There’s been some speculation that we significantly increased the amount of posts here on SvN in the build up to the launch of the new Basecamp, and in particular that we targeted the front page of Hacker News for those articles. Some people aren’t happy about this.
I’d like to bring a little context and fact to bear on this to put these speculations to rest.
In the month before the launch of the new Basecamp, we published 25 posts here on Signal vs. Noise. For comparison, during the same period in prior years, we published (before 2007 we used a different blogging engine, so I don’t have those numbers handy):
- 29 posts in 2011
- 50 posts in 2010
- 36 posts in 2009
- 49 posts in 2008
- 42 posts in 2007
Relatively speaking, this was actually a pretty low level of posting activity for us. During all the years prior to this one in that period, we were also maintaining a separate product blog, whose posts aren’t included in these totals.
During that period, there were 24,826 first time visitors to any of our sites who we could identify as having first gotten to us via Hacker News (in all, we received more like 105,000 unique visitors from Hacker News, but many of those were repeat visitors). 97 of those visitors signed up, with more than 85% of them electing the free plan. This conversion rate pales compared to our average conversion rate, particularly for non-search-engine traffic.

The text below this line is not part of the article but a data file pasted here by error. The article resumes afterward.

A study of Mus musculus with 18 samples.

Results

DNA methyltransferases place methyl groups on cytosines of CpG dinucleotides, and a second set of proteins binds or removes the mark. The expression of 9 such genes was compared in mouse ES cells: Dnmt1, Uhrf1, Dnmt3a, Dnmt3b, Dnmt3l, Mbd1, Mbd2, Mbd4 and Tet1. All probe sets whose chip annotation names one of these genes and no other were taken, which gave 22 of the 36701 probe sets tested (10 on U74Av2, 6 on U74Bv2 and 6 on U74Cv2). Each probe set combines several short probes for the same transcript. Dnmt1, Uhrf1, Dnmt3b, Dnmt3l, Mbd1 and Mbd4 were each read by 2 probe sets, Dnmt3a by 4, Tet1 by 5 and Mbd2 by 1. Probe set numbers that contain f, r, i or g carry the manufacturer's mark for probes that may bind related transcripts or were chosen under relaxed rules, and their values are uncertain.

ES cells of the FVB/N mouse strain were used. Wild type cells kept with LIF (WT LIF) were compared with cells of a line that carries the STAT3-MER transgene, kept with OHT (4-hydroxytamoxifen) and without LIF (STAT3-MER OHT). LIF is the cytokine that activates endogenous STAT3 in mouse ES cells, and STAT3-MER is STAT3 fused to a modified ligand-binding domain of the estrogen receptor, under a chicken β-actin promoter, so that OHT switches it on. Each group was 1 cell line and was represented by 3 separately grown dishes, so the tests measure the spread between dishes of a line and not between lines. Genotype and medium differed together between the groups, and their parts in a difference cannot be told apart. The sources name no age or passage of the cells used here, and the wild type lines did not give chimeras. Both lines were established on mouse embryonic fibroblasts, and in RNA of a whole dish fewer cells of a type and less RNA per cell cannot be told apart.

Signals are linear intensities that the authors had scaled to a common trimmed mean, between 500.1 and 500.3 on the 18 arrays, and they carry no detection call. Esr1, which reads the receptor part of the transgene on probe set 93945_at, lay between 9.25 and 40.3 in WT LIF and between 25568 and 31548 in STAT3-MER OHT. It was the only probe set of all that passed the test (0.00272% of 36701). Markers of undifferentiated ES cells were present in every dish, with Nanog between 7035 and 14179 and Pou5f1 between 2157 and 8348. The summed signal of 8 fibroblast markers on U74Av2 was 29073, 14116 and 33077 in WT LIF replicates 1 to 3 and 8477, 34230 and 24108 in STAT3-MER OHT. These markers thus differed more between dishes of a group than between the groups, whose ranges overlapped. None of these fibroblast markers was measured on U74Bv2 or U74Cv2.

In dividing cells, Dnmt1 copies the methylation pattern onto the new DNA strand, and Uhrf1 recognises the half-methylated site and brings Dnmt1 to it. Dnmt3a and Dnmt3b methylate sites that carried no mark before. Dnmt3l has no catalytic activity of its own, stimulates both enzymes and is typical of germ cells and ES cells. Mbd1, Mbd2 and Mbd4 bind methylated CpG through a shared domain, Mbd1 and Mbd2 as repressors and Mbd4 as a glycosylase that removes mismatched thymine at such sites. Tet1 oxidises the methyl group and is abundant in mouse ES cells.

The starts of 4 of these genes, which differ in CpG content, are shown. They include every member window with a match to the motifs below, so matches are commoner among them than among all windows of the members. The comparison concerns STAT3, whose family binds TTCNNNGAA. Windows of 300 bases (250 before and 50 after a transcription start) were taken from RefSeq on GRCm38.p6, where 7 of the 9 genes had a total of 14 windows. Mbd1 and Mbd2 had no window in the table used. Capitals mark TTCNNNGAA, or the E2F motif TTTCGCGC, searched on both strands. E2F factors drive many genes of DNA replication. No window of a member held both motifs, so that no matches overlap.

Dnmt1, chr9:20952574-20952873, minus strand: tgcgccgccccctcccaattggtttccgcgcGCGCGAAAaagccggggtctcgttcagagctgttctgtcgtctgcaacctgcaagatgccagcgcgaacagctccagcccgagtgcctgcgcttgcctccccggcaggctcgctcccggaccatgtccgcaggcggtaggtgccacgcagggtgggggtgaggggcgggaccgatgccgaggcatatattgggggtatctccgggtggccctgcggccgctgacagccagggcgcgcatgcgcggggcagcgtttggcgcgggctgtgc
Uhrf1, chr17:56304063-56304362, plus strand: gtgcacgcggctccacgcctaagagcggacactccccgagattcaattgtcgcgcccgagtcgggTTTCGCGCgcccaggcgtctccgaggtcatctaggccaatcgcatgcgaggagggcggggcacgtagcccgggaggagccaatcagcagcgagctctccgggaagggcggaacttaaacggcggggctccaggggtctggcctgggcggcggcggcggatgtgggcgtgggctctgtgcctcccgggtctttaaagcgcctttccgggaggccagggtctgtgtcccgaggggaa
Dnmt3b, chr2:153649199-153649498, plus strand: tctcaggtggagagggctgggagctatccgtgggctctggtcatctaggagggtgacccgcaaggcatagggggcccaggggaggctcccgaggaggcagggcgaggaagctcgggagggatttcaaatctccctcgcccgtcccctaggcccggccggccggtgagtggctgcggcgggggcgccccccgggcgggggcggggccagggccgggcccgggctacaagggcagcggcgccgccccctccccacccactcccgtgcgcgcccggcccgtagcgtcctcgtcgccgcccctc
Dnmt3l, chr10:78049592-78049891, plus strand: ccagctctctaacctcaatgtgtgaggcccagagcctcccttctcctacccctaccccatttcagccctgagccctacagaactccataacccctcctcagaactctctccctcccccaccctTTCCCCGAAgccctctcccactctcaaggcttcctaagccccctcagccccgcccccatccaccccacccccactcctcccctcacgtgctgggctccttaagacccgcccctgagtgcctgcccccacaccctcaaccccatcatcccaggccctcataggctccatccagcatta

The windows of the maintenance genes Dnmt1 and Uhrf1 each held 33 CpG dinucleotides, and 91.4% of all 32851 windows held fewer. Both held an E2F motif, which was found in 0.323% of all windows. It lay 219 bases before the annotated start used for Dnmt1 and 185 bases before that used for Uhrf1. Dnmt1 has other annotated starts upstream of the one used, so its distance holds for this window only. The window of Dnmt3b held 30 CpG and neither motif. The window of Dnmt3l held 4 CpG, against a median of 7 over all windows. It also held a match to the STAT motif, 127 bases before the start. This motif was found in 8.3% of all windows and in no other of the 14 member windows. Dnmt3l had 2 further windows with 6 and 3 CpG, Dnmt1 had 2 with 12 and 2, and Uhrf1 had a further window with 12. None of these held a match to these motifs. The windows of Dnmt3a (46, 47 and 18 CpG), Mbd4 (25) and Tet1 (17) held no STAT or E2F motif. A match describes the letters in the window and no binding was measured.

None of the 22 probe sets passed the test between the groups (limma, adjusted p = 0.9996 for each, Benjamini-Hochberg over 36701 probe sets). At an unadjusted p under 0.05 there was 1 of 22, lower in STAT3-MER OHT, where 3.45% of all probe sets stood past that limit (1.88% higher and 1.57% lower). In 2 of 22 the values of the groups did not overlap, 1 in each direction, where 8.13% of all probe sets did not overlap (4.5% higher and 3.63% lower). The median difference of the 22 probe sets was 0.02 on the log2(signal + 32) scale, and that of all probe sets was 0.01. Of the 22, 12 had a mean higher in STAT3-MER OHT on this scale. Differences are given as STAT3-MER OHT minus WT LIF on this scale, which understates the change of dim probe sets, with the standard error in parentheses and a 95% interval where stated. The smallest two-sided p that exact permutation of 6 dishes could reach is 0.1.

When all is said and done, what’s our likely financial outcome from Hacker News visitors for those 25 posts? About $300 total per month.
We typically write on SvN because we have an announcement to make, or because we have something we’re thinking about that we’d like to share.
Do we benefit from other people noticing our blog posts and linking them up from their blogs or other outlets? Absolutely – we’ve been talking about the power of word-of-mouth marketing for almost a decade.
As a writer, do I like it when more people read what I’ve written? Sure.
Is there any business value for us in getting on the front page of Hacker News? Not really.
Upvote us, downvote us, ignore us – I don’t care, but I hope you’ll make that decision based on the merits of the content of a given post, not because you think we’re trying to manipulate the front page of Hacker News for our gain.